Digital signatures vs. electronic signatures: what’s the difference?
The terms digital signature and electronic signature are often used interchangeably, a common mistake among both businesses and individuals. In an attempt to set the record straight once and for all, we’re here to explain the real difference between the two types of signatures.
The main thing to keep in mind is that an electronic signature is generally used to collect someone else’s signature, while a digital signature is used to add your own signature to a document to prove its authenticity.
An electronic signature (e-signature) is a legally binding signature that is used with the intent of signing an electronic record. The record (or document) is generally prepared and sent using a specialized e-signature solution provider such as Soda PDF, and the signee can simply e-sign via email with just a touch of a button.
According to the E-SIGN Act established in 2000 by the U.S. Congress, “no contract, signature, or record shall be denied legal effect solely because it is in electronic form. Nor may a contract relating to a transaction be denied legal effect solely because an electronic signature or record was used in its formation.” In other words, an electronic signature holds as much value as a handwritten signature.
If you’re asking yourself if there are any benefits of signing a document electronically vs. by hand, the answer is yes. Unlike a handwritten signature that can be forged, reputable e-signature providers offer detailed audit trails that keep track of who signed what, how, when, and where.
A digital signature, on the other hand, uses mathematical algorithms to generate a unique digital fingerprint. This fingerprint, also known as “hash,” ensures the authenticity of the document, since even the slightest modification would change the hash entirely.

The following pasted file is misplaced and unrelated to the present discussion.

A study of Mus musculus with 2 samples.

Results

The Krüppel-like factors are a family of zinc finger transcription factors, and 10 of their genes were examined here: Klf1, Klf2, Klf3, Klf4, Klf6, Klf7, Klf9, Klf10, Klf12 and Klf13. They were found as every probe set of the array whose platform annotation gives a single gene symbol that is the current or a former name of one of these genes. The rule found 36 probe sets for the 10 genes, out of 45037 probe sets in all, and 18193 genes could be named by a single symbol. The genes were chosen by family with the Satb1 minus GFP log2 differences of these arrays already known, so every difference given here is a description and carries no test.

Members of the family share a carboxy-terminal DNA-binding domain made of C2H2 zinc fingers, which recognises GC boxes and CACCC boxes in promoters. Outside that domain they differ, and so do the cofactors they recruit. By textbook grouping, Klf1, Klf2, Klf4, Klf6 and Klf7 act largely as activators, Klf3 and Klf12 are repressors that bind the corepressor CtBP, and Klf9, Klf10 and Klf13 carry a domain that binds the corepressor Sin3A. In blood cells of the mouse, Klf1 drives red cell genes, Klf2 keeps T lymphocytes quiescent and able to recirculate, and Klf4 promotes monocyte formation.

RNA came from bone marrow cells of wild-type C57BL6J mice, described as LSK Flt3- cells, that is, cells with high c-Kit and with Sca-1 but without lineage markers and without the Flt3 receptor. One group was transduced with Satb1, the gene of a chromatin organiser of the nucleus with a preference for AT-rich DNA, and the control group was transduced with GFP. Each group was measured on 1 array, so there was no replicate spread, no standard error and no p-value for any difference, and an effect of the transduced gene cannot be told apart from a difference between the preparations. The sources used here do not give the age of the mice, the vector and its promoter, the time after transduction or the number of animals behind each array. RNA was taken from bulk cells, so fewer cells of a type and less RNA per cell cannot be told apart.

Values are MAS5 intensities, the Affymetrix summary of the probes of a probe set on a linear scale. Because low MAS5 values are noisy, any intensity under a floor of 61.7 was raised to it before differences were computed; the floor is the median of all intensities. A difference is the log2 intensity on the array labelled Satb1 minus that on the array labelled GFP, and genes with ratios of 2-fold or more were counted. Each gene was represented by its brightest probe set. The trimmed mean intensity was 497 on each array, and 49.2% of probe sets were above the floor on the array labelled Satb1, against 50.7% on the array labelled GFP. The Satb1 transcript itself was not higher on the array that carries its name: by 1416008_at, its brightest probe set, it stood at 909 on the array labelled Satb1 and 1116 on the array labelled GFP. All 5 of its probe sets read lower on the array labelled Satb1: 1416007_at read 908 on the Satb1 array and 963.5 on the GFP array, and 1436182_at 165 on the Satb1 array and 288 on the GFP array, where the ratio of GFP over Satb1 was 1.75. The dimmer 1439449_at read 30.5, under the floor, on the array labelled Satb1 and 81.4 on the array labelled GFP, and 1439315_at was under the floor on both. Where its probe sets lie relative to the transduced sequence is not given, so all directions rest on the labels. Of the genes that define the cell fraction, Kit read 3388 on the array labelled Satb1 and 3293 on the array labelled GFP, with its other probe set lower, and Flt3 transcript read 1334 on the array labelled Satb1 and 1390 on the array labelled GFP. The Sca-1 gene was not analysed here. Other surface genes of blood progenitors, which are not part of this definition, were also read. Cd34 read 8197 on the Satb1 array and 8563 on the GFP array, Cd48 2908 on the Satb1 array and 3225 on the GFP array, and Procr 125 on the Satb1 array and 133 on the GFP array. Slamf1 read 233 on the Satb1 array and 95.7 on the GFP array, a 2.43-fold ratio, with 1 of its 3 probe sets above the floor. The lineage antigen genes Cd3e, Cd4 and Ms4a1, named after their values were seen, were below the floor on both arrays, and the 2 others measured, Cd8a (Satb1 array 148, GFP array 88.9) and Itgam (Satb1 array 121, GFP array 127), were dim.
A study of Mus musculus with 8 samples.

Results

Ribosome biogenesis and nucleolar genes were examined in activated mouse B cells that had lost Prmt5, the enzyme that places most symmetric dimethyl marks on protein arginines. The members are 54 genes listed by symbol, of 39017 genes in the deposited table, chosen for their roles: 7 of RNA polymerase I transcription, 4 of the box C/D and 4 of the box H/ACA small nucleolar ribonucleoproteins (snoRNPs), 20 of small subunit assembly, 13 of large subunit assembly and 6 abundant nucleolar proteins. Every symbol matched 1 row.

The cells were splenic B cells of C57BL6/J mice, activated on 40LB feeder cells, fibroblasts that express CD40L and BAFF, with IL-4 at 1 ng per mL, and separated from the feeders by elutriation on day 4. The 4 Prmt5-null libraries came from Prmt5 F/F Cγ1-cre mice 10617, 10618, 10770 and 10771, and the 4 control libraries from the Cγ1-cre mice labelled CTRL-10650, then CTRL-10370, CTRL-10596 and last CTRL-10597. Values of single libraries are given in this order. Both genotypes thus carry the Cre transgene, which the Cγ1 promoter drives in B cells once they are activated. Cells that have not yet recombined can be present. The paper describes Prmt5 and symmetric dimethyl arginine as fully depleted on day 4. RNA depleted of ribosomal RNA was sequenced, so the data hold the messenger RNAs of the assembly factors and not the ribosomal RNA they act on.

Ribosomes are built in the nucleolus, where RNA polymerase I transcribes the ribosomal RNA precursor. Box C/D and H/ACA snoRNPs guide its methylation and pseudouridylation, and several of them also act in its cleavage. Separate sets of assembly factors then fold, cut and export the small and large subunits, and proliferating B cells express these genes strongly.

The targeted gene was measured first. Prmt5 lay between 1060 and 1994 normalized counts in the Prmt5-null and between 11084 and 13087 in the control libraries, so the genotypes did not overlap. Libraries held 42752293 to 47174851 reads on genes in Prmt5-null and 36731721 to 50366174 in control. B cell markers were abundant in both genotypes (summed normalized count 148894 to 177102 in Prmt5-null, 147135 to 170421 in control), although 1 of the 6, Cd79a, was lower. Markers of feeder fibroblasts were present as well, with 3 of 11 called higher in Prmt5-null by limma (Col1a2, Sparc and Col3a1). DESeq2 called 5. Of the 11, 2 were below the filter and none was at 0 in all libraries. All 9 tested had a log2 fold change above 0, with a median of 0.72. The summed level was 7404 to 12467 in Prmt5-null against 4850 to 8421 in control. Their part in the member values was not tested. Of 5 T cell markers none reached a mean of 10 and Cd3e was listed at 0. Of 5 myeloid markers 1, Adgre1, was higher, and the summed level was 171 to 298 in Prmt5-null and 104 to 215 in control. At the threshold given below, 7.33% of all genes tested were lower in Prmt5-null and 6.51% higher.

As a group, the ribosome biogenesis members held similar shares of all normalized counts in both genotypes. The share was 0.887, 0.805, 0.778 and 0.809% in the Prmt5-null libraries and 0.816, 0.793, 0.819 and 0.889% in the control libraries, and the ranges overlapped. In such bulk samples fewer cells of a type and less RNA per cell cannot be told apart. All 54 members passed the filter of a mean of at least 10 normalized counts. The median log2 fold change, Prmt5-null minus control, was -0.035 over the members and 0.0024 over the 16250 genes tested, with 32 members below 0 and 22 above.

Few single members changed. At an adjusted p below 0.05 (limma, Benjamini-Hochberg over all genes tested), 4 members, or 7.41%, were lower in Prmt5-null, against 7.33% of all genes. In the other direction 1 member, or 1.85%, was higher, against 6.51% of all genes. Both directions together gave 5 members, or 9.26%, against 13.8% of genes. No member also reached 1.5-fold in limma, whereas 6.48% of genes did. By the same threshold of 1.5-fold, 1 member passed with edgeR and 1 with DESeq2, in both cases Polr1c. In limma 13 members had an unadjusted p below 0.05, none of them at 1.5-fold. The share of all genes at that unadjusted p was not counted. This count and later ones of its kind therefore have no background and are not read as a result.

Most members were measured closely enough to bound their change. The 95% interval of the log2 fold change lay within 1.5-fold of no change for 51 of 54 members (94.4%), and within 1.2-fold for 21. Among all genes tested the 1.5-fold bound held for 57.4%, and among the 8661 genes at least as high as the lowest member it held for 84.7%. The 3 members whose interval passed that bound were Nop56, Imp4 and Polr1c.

The hash is originally encrypted with the signer’s “private key,” and the encrypted hash along with the “public key” are then combined to form a digital signature. The person adding their digital signature to a document holds the private key, and the recipient of the document will have the public key. The recipient will then open the document with a software that will automatically verify the legitimacy of the hash, and if everything checks out, it will notify the reader that the document has not been altered.
This all might sound complicated, but thankfully these processes are done automatically by the software that supports digital signatures. For a more detailed explanation, take a look at this awesome article.
You can also check out this video if you want to learn how to create a digital signature using Soda PDF.